How Purity Culture & Idolizing Virginity Harms Rape Survivors Like Demi Lovato

There's no such thing as "purity."

Demi Lovato Kevin Mazur / Getty Images

Remember back in the 2010s when stars from Miley Cyrus to the Jonas Brothers flaunted their promise rings and preached lessons about abstinence that sounded straight out of the mouth of a Puritan?

It seemed great at the time. Why not teach kids to wait for sex? What’s the harm, right?

A decade and several ditched purity rings later, we are now hearing the full impact of purity culture and just how damaging it can be for rape survivors.


Demi Lovato has spoken out about her experience surviving rape as a teenager while working for the Disney Channel in her docuseries Dancing With the Devil: The Art of Starting Over.

The candid documentary focuses on Lovato’s near-death experience during an accidental heroin overdose and delves into the lifetime of trauma and addiction that preceded it.

Lovato is strikingly open throughout the series given the degree of pain and exploitation she has experienced since her early days in Camp Rock and Sonny With A Chance. She matter-of-factly tells her sexual assault story without mincing words.

At 28, she knows now what too many young women don't yet — that every survivor should feel empowered to speak their truth.


RELATED: Demi Lovato Says Drug Use 'Saved Her Life' — But Should Coping Mechanisms Be Praised Just Because They 'Work'?

But even as Lovato takes control of her narrative by coming forward, it is hard not to see the disturbing impacts of the purity culture that silenced her for years.

She is one of many victims of a wider cultural assault on sexual abuse survivors and women in general that defines worth exclusively by a woman’s body and what's been done to it, with or without her consent.


Purity culture makes sex more valuable than women.

In the third episode of the docuseries, Lovato speaks candidly about losing her virginity during a sexual assault in which a fellow Disney cast member raped her.

Lovato says the trauma of the rape itself was compounded by her Christian upbringing and the purity culture she was surrounded by during her time at Disney.

“I was a part of that Disney crowd that publicly said they were waiting until marriage,” she says. “So what, I’m supposed to come out to the public after saying I have a promise ring?”

The idolization of “waiting until marriage” completely neglects the reality that, for many, losing their virginity is not a choice. Survivors of sexual assault are left questioning their place in a society that considers them damaged goods for having sex too soon.


Even outside the context of Christianity, losing one’s virginity is a highly debated topic inflicted on the lives and minds of young people, particularly young women.

There is an entire rhetoric around the right time, place, and person to have sex with that is most often directed at women.

Sex becomes like a kind of bargaining chip of which women only get one. Once they give it away, it’s gone, even if it was stolen from them against their will.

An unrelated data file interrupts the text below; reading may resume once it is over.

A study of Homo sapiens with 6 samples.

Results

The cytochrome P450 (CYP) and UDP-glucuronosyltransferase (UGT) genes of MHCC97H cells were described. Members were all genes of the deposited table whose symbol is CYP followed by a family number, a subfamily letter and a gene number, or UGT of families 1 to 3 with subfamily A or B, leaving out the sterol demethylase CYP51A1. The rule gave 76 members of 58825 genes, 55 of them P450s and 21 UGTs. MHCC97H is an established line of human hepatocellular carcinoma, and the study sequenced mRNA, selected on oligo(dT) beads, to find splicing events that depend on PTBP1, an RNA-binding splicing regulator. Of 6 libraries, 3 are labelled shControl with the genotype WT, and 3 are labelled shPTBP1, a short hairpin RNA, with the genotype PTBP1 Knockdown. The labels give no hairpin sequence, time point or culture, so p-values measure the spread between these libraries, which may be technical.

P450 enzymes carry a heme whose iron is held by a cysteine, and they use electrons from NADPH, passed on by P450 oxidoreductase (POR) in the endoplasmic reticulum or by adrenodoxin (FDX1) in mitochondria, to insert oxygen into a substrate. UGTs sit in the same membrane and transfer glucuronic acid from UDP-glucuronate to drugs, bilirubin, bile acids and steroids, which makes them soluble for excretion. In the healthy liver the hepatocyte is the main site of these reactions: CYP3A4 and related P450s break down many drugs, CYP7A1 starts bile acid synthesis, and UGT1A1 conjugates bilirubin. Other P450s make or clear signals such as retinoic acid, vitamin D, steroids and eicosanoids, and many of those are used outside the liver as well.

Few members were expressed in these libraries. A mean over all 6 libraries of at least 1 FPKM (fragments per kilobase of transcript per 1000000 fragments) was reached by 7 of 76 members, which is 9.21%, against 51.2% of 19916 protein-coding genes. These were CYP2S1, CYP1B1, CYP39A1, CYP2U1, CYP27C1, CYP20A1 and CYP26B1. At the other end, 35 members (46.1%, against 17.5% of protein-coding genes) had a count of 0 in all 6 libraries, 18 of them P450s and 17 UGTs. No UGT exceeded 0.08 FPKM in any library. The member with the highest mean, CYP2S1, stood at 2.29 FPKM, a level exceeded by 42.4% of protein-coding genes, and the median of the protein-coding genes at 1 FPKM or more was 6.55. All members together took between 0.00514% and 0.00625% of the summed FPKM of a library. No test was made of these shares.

Meanwhile, men, like Representative Matt Gaetz and his male colleagues, go through life collecting chips from each of the women they bed.

RELATED: Demi Lovato Comes Out As Pansexual — Why Making The Distinction Matters


The idolization of virginity only perpetuates trauma.

For Lovato, the incident and her fear of speaking out became the basis of years of bulimia, addiction and trauma.

“I internalized it and I told myself that it was my fault,” she says, opening up about how she came to believe the incident wasn’t a rape at all.

“The Christian southern girl inside of me didn’t see it that way.”

Her words echoed the experience of another child sexual abuse survivor, Elizabeth Smart, who was abducted and held captive for nine months as a teenager.

Smart has said her religious background and experience in a culture that idolized virginity stopped her from attempting to escape her captor.


“After that first rape, I felt crushed. Who could want me now? I felt so dirty and so filthy,” she says.

RELATED: Why I Told My 8-Year-Old About Sexual Pleasure (And You Should Too)

Purity culture places illogical value on women’s intact hymens, to the point that all other qualities of oneself become obsolete once they engage in sex.


Both Lovato and Smart are brave, strong, inspiring women who have much to offer to the world — yet they were torn down and made to feel worthless by a culture that makes women into sexual objects without giving them any autonomy over their own sexuality.

This culture also creates a repetitive trauma that is hard for survivors to escape.

For Smart, this meant nine months of daily abuse and a lifetime to overcome it.

For Lovato, she returned to her rapist for a second encounter, stopped eating, started abusing substances, and was later raped by her drug dealer before being left for dead after her overdose.


But even for women who don’t face these extreme circumstances, sex becomes so synonymous with shame that expressions of female sexuality are weaponized against them.

Women who send nude photographs end up taking their lives when those photos are released.

Those who show too much skin are “asking for it."

Women experience anxiety and depression in high numbers after experiencing sexual shaming.

The root problem of idolizing purity and virginity damages women in countless demeaning ways, and it needs to stop.